PARIS — Tens of thousands of protesters in Paris danced, picnicked and railed against President Emmanuel Macron at a "party" marking his first year in office.
Police fired tear gas on troublemakers on the margins of the largely festive protest Saturday, and eight people were arrested. Authorities deployed 2,000 police to the event after violence and ransacking scarred a May Day protest in the French capital earlier this week, shocking many.
"Stop Macron!" read placards at Saturday's rally in front of Paris' famed Opera Garnier. Demonstrators then marched through tourist-filled neighborhoods toward the Bastille plaza in eastern Paris.
Organizers of Saturday's march, the far-left party Defiant France, planned the event around the one-year anniversary of Macron's May 7, 2017 election. He was inaugurated a week later, and quickly launched broad changes to France's labor rules to increase the nation's global competitiveness.
Protesters are angry at reforms led by Macron, a centrist former investment banker, such as cutting some worker protections and increasing police powers.
"This regime is a regime that's an authoritarian regime. We are in a soft dictatorship and we have concerns about guarantees of individual freedoms and the guarantee of fundamental rights," said protester Roselyne Gonle-Luillier, a judge.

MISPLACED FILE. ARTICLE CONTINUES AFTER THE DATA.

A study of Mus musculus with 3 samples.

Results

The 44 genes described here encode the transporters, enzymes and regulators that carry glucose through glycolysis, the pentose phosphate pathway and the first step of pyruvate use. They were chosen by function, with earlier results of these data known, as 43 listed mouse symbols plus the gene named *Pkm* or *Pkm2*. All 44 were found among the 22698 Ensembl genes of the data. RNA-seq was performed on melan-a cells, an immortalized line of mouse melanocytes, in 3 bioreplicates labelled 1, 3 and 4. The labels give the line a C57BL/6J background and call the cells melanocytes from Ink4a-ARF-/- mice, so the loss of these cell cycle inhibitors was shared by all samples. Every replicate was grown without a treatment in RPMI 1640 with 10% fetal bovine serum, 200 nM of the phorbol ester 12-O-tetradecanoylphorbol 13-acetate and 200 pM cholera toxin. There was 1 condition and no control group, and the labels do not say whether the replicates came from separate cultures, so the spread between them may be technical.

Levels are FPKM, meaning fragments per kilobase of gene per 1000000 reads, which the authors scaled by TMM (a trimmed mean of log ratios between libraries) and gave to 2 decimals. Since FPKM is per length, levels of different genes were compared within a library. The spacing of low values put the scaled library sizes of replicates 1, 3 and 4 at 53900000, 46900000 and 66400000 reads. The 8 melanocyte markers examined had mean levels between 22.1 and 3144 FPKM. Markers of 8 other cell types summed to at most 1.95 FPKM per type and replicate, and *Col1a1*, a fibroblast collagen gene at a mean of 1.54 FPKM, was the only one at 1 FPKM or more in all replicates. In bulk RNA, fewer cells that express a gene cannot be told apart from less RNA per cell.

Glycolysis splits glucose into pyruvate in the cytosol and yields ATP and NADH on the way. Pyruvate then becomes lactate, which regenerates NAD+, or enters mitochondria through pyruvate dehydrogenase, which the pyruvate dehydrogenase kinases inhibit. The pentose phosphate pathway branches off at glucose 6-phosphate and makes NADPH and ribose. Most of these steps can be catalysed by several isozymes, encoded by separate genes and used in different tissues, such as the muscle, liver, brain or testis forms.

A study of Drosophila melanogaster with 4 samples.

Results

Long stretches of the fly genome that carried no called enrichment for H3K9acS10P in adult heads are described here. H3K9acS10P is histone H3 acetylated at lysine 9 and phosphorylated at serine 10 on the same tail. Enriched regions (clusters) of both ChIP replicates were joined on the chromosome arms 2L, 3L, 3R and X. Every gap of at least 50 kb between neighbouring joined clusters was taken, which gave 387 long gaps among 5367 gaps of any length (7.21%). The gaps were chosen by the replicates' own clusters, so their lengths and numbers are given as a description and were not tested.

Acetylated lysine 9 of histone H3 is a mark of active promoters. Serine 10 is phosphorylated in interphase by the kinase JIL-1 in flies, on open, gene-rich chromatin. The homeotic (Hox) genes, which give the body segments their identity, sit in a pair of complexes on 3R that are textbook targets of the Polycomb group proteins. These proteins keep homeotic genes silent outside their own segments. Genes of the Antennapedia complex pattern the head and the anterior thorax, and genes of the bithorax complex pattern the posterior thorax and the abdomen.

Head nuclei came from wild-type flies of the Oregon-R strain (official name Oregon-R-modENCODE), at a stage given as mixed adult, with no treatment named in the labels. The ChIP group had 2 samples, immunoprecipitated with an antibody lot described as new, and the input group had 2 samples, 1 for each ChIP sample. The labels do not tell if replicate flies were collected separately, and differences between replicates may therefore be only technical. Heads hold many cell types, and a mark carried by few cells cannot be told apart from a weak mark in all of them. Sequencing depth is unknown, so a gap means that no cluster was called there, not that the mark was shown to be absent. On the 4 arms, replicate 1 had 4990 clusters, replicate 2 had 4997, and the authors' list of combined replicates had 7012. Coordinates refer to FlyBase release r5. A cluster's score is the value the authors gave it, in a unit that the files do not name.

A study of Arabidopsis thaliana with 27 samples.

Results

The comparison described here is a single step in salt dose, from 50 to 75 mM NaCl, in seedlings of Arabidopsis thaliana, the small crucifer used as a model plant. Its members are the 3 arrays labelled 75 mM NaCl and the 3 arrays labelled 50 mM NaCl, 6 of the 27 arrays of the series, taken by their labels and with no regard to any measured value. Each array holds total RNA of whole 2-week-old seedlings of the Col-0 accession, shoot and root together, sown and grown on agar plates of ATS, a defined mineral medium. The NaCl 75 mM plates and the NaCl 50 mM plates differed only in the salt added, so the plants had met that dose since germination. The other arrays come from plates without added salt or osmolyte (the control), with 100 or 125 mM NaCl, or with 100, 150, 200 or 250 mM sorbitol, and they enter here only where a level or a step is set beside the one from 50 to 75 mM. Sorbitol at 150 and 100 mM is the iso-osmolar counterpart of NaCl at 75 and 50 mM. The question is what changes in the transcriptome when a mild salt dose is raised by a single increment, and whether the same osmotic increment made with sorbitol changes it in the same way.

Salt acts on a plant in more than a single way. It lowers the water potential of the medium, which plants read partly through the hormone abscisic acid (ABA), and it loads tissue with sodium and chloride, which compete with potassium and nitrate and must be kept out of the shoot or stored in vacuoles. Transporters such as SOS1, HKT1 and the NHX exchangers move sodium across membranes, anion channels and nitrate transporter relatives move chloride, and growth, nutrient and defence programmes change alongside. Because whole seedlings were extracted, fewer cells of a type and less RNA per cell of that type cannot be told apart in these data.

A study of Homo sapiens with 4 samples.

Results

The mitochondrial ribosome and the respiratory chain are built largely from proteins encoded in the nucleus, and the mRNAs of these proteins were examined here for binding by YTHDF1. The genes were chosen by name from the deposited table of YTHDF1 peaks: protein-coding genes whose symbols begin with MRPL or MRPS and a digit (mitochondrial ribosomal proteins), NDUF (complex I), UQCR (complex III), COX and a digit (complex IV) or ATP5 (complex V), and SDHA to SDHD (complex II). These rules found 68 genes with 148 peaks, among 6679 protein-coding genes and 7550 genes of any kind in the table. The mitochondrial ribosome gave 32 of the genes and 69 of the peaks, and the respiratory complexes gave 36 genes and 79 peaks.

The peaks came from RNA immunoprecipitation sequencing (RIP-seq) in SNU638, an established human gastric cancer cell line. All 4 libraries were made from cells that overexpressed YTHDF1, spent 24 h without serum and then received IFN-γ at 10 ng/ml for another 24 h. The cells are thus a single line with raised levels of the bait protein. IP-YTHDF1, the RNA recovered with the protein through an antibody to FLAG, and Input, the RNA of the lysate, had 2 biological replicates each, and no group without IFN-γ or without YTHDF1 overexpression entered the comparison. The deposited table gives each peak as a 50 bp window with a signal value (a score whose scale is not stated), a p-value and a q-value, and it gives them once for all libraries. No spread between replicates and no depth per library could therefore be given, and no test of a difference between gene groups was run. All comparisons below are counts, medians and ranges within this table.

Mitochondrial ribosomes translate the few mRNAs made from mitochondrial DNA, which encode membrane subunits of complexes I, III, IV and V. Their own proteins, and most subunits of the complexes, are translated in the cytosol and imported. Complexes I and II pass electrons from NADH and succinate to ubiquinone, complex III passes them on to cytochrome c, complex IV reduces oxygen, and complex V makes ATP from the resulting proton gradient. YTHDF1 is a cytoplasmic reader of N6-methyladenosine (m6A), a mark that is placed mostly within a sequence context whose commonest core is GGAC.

Macron won the presidency on a wave of disillusionment at France's traditional parties, beating far-right Marine Le Pen in a runoff. He has raised France's international profile — but at home many voters are disgruntled and fear that he his dismantling the French way of life.
"What we want specifically is to resist, show him (Macron) our anger, show him that there are some French people who did not vote for him, do not agree with what he is trying to do," said Sylvie Brissonneau, who will soon retire. One of Macron's reforms is raising taxes for retirees.
The party atmosphere Saturday was a relief after the May Day violence, which saw protesters torch cars and vandalize a McDonald's restaurant and other stores. A judicial official said Saturday that seven people have been charged in the May Day unrest. Authorities blamed more than 1,000 masked attackers from an anarchist group called the Black Blocs who disrupted a peaceful workers march.
At Saturday's march, organizers said they were in regular contact with the police to avoid serious damage.